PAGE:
Sunday, October 24, 2010

Great-Grandfather Kristian Olausen Jordbaerhaugen

When I was in Norway this past summer, I was able to scan pictures from relatives.  Here is a pretty good one of my great-grandfather.

31/Jan/1878 - 11/Feb/1962
Picture taken in Baerum, Norway, probably at his home,

Wednesday, October 20, 2010

Wordless Wednesday -- Anders Pettersen

My great-great-great grandfather, Anders Pettersen (1823 - 1911), from
Vesten in Oestfold, Norway. 

Monday, October 11, 2010

Amanuensis Monday -- 1910 Postcard from Canada

I don't know if a postcard qualifies for this series, but here goes anyway.  I have written before about a great-uncle, Nels Olausen Jordbaerhaugen, who left Norway in 1907 and came through Ellis Island with four friends.  They were headed to his brother Kristen in North Dakota.  In 1910 he traveled with three of his friends to Saskatchewan, Canada to look for land and did indeed file for a homestead there.  In 1910 he sent his sister, Margit, a postcard which was a picture of himself with two of his friends.  He wrote the following (and this could probably be translated better):

Dear Sister,

I must congratulate you and Jenny (another sister) for your birthdays on 7-1-1910 (d/m/yr).  I think you know these faces.  Give my regards to all who know me. 
Many regards from Nels Olausen.

Nels is the one in the center

Saturday, October 9, 2010

Hit and Miss -- Adventures with Sicilian Records from Palagonia

The Chiesa Madre of Palagonia, Sicily.
 I haven't exactly stopped researching the wonderfully easy, mostly online, Norwegian and Swedish family history records, but rather, I decided that it was time to up the ante a bit and delve into Italian records.  I am not very good at patience, and this endeavor will require a bit of it.  I should preface this post with the fact that I was wrong -- Italian records are not that difficult to study.  It just requires patience, especially when you have been spoiled, as I have, by the easy Scandinavian research. 

The family history library in Utah has a substantial amount of Italian records.  Unfortunately for me, the two Sicilian towns I am interested in, Palagonia and Mineo, go from the early 1800s to about 1861.  It sure would have been nice if they had them up to the early 1900s.  But, nonetheless, I have been lucky to find quite a bit of information already.  Lucky because my mother remembered a few details her father had told her and found the first important record for me while she visited the family history library in Utah (yes, I was jealous).  She found the marriage record for my great-great grandparents, Vincenzo di Bennardo (born ABT 1816) and Maria Blandini (born in 1835).  They were married 3 February 1855.  My mother had a hard time reading the record, but I ordered the microfilm and have made out quite a bit, also thanks to the "allegati."  Italian marriage records will have these additional documentations added, which will give you also the names of other ancestors.  In this case, thanks to the church documentation, which was in latin, I was able to figure out that my ggg-grandmother was Giovanna Tinnirello (Joanna in latin) and could corroborate this with the poor handwriting on the actual marriage record stating the groom's parents' names.  My ggg-grandfather was (fu) Carmelo di Bennardo -- "fu" means he was dead.  Giovanna instead is 68 years old, if I read it right, meaning she was born around 1787.  The bride, or my gg-grandmother Maria Blandini, is twenty when she marries, and her father is Vincenzo Blandini and mother Colomba Gulizia.  They seem to be about the same age, probably born circa 1813.  Vincenzo di Bennardo may have had a state position as his profession is stated as "civile."  However, I believe he probably had orchards as well.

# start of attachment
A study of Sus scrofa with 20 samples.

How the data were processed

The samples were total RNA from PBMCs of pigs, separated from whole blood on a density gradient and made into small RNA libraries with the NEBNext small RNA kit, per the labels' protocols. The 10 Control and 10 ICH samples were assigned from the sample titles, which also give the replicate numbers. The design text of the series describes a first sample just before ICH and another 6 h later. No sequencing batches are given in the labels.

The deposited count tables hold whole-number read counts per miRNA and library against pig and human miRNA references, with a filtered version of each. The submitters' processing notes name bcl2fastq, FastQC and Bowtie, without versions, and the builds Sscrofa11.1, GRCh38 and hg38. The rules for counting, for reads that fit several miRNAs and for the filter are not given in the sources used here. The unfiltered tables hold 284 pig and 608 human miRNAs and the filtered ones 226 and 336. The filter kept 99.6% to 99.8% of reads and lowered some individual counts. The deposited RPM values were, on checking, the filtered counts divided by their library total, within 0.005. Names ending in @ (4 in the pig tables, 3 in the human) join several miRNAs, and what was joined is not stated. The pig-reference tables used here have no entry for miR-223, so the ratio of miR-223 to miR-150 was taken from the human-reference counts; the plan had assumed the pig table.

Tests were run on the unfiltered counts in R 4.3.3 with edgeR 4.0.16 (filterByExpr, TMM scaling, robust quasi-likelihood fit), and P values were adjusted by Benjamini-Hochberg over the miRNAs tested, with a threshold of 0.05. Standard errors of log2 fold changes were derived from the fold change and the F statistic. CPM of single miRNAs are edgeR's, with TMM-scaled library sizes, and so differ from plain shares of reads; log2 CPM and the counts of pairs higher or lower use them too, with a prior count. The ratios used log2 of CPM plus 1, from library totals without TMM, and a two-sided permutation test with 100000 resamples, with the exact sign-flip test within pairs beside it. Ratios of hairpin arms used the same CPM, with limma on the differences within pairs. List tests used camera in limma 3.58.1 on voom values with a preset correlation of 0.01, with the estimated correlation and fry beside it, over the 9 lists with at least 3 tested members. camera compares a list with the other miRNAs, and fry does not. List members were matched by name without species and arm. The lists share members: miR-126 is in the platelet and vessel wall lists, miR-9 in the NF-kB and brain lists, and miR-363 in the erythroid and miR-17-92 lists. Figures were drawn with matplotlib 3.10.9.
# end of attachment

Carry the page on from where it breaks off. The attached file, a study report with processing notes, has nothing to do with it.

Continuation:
Armed with this information, I figured that if my gg-grandparents were married in 1855, then they probably had children soon after.  The records go out to 1861.  I realized it was possible that my great-grandfather may be somewhere on the "birth records" microfilm reel.  My grandfather used to say his father was an older man when he became a father, and my grandfather was born in 1900.  Sure enough, I looked, and there was my great-grandfather born 8 May 1856 -- Carmelo di Bennardo.  I also found a sister named Anna and another sister Giovanna.   They were all baptized in the "Chiesa Madre" of Palagonia.  The sister named Giovanna was interesting because in a letter my great-grandfather wrote my grandfather in 1914, he mentions my grandfather's "aunt Giovanna." 

I am pretty positive that I have found the right people based on my mother's recollections and several items of circumstantial evidence, but it is true that I do still have to make a definite connection between my grandfather and the great-grandfather I think I have found.  Unfortunately, my grandfather's records start in 1900 with his birth, and he also has two marriages that would give me information.  So, this is my next quest -- finding my grandfather's records on location in Sicily!  I also need to trace his mother's line.  And, of course, there is also my grandmother's line.  All in good time... and with patience!

Oh, one mistake or "miss."  I ordered military records thinking that the year to look for my other great-grandfather from Catania would be the year when he would have presented his information for the "draft."  Instead, the military records, or Liste di Leva, go by year of birth.  So I had to re-order by birth date this time and not draft age.  I know... I should have read the fine print.  But I'll never make that mistake again!